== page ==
Dancing in the Reign: On All Cylinders
Solid Seven: There’s little to complain about when looking back at the Kings’ first seven regular season contests, a seven-game start that has claimed a 5-1-1 record sitting on a wealthy 11 points. In fact, if you could dive into a negative aspect regarding the Kings’ start, you’re referring to a non-issue at this point. There are no glaring heroes carrying the club, everything is seeming to click in all aspects of the Kings’ game, and their roster.
Not only are the top players feeding off of new acquisitions, but the depth needed to maintain those top roles are shaping the strength of this team. The Kings have an offense averaging 2.4 goals per game, a stalwart blue-line allowing just 1.3 goals per game, all in front of Jonathan Quick. This wall is sporting a 5-0-1 record with three shutouts and a disgusting .973 save percentage, simply the backbone to the threatening core the Kings have developed.
Shattering the Books: In result of another absolutely stellar performance Saturday night, Jonathan Quick became the first goalie in Kings history to record three consecutive shutouts. This is elite status, folks. Quick hasn’t allowed a goal in the last 188 minutes and 10 seconds of live-play. That sets another Kings record, Rogie Vachon now down to second on the list, his former streak of 185 minutes and 55 seconds set during the 1975-1976 campaign topped.
Quick’s playing a sound game, his positioning cuts angles like corporate cuts jobs. He’s rarely out of position, and when he purposely does so to play the puck, it’s a little easier on the nerves than in the recent past. Regardless of the streak Quick’s riding, Jonathan Bernier will get the start tomorrow night against the New Jersey Devils. I like this move from Terry Murray, an Eastern Conference opponent, much-needed action for Bernier, and early rest for Quick.
Deserves a Look: Don’t ignore the defensemen who have subdued primary scoring opportunities, shooting lanes, and the opposition’s use (or lack there-of) of the offensive zone slot. They’re keeping everything along the boards and to the outside, this develops angles that are friendly to Quick’s positioning while reducing traffic.
Jack Johnson has been the highlight star among the group, netting three game-winning goals with two coming in OT. Johnson seems to be more open with his shot this season, directing a puck toward the front of the net whenever the opportunity arises. Also, he’s developed what may be a continuing role/position on the powerplay, where his usual threat atop the zone with his shot is uniquely positioned low in the zone for secondary looks.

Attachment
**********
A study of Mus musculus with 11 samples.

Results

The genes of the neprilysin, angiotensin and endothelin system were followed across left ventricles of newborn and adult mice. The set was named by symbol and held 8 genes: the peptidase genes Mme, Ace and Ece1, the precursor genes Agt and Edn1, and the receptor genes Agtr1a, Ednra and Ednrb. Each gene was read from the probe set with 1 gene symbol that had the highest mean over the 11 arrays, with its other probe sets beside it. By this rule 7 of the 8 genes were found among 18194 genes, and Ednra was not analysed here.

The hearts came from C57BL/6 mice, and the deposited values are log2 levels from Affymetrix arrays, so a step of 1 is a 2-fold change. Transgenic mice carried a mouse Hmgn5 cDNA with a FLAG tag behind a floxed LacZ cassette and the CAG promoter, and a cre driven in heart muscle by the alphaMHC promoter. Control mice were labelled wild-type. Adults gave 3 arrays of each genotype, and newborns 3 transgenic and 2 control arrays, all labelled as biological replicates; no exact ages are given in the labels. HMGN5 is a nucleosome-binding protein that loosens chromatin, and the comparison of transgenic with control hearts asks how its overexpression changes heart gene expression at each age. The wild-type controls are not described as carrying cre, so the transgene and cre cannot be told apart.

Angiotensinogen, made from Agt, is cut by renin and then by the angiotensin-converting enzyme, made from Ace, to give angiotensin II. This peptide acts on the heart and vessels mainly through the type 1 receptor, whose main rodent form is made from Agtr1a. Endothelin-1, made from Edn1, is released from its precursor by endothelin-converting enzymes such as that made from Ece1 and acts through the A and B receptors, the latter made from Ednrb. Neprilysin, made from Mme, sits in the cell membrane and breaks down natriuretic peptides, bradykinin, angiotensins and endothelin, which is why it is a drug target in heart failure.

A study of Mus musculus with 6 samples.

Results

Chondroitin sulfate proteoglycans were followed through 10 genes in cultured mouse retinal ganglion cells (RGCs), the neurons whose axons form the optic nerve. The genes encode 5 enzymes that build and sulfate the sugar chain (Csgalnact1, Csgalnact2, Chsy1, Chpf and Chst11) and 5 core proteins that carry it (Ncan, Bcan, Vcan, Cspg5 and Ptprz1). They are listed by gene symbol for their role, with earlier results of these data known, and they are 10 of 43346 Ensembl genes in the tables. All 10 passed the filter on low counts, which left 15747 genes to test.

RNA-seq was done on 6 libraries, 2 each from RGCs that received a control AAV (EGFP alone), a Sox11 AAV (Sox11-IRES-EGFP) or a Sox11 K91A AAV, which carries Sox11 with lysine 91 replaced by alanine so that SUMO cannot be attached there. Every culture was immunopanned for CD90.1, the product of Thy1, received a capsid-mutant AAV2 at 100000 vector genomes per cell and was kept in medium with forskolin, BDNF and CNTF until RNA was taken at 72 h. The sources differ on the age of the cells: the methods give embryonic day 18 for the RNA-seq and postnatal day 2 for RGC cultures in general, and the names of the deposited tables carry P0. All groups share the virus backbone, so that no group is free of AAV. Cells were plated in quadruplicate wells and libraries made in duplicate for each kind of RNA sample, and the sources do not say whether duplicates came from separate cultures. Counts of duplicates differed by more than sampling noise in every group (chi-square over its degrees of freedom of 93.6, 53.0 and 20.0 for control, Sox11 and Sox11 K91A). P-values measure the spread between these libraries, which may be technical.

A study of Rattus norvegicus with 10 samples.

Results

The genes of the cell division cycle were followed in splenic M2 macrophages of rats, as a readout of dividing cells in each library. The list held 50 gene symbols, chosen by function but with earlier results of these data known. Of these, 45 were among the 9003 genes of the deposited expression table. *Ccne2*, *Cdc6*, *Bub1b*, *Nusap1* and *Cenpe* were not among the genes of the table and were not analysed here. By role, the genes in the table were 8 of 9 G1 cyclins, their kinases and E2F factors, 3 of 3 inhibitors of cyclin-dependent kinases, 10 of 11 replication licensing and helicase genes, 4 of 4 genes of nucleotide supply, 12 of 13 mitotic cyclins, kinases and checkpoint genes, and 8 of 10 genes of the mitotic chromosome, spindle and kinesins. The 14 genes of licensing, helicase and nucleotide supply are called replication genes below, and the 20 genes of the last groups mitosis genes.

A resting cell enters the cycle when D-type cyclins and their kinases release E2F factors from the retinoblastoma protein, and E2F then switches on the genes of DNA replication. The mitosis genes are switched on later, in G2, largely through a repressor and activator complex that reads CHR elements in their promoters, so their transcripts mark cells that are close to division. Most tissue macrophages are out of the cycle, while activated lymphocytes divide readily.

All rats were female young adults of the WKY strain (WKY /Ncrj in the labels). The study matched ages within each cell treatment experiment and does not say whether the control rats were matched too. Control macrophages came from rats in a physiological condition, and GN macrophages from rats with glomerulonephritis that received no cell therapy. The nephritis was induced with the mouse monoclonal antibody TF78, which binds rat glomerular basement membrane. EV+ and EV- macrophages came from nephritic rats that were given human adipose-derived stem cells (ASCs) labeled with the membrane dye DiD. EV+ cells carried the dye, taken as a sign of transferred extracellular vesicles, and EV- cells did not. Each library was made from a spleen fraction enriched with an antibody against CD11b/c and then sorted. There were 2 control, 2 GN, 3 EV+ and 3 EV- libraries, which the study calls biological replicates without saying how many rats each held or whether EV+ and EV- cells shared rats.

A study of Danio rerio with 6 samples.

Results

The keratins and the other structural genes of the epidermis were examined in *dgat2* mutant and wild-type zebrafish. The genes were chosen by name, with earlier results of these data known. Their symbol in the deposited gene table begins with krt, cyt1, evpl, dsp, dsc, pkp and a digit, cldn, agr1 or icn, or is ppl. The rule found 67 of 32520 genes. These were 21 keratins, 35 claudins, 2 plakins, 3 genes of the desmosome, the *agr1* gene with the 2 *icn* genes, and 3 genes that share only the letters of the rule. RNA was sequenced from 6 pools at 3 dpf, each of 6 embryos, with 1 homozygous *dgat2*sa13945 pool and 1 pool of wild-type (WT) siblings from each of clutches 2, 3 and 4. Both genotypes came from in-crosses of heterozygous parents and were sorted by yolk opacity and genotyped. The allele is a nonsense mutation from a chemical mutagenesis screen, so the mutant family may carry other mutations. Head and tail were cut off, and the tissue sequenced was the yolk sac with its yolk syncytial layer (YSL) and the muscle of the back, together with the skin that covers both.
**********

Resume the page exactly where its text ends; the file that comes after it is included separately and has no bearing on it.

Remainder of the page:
The absence of Drew Doughty, who is set to return either Thursday in Dallas or Saturday in Phoenix hasn’t really been an issue, Slava Voynov‘s impressive debut at the NHL level has filled the role rather nicely. However, chances are Voynov will return to the Manchester Monarchs upon Doughty’s return. Since Davis Drewiske would have to clear waivers in order to be assigned, Voynov will most likely be paying another visit to central New Hampshire and the AHL.
Electric Bill: Consider the importance this organization stressed about having a dependable “Top Six” in the offensive department during the past couple of off-seasons. Now, look at the players headlining the Kings’ statistical output. Albeit Dustin Penner with his lone assist and trudgy stride, Anze Kopitar (10), Simon Gagne (7), Justin Williams (7), Mike Richards (6), and Dustin Brown (4) are leading the Kings’ roster in the scoring department.
Someone give Jamie Kompon a get-free card for the next couple of weeks, the Kings’ powerplay ranks 6th in the NHL with a success-rate at %25. Now, if Kompon was still pulling ugly results, this would be a different story. With Richards and Gagne, the options should be near countless when drawing up a system. A successful powerplay shouldn’t be a common acclaim for this club, it should be expected. This is good for now, but struggles similar to those seen the previous two seasons on the man-advantage shouldn’t be tolerated.
“Ahh.. so this must be what it’s like to play at Jobing.com Arena. *Sigh…”
“Hey sweet cheeks… I can last longer than Halak”
(50 Bucks says that’s at an Applebees or something. Maybe a Chili’s)
My friend spotted Jonathan Quick hanging out in public the other day, and he was able to snap a sweet candid pic!! Look at that smile.
“Eww I just touched Brodeur! He’s so old!! And mediocre!! And hurt!!”
It’ll be ‘The Moose’ for the Devils tomorrow night.
The Brodeur Cure: Quite ironic, actually. I’m well aware of Johan Hedberg‘s background, and know that his nickname derives from his 16-game stint with the International Hockey League‘s (IHL) Manitoba Moose in 1998. Well, not his 16 appearances exactly, but the “lucky” helmet he wore while tending for Manitoba and thereafter in his transition into the NHL with the Pittsburgh Penguins. The Manitoba Moose, an organization that successfully tenured 15 seasons in the difficult market that is minor league hockey (IHL, AHL) were forced to relocate to St. John’s, Newfoundland when the Winnipeg Jets confirmed relocation from Atlanta. The majority of Hedberg’s NHL career took place with the Atlanta Thrashers, housing the crease for the now defunct NHL club in 136 games from 2006-2010.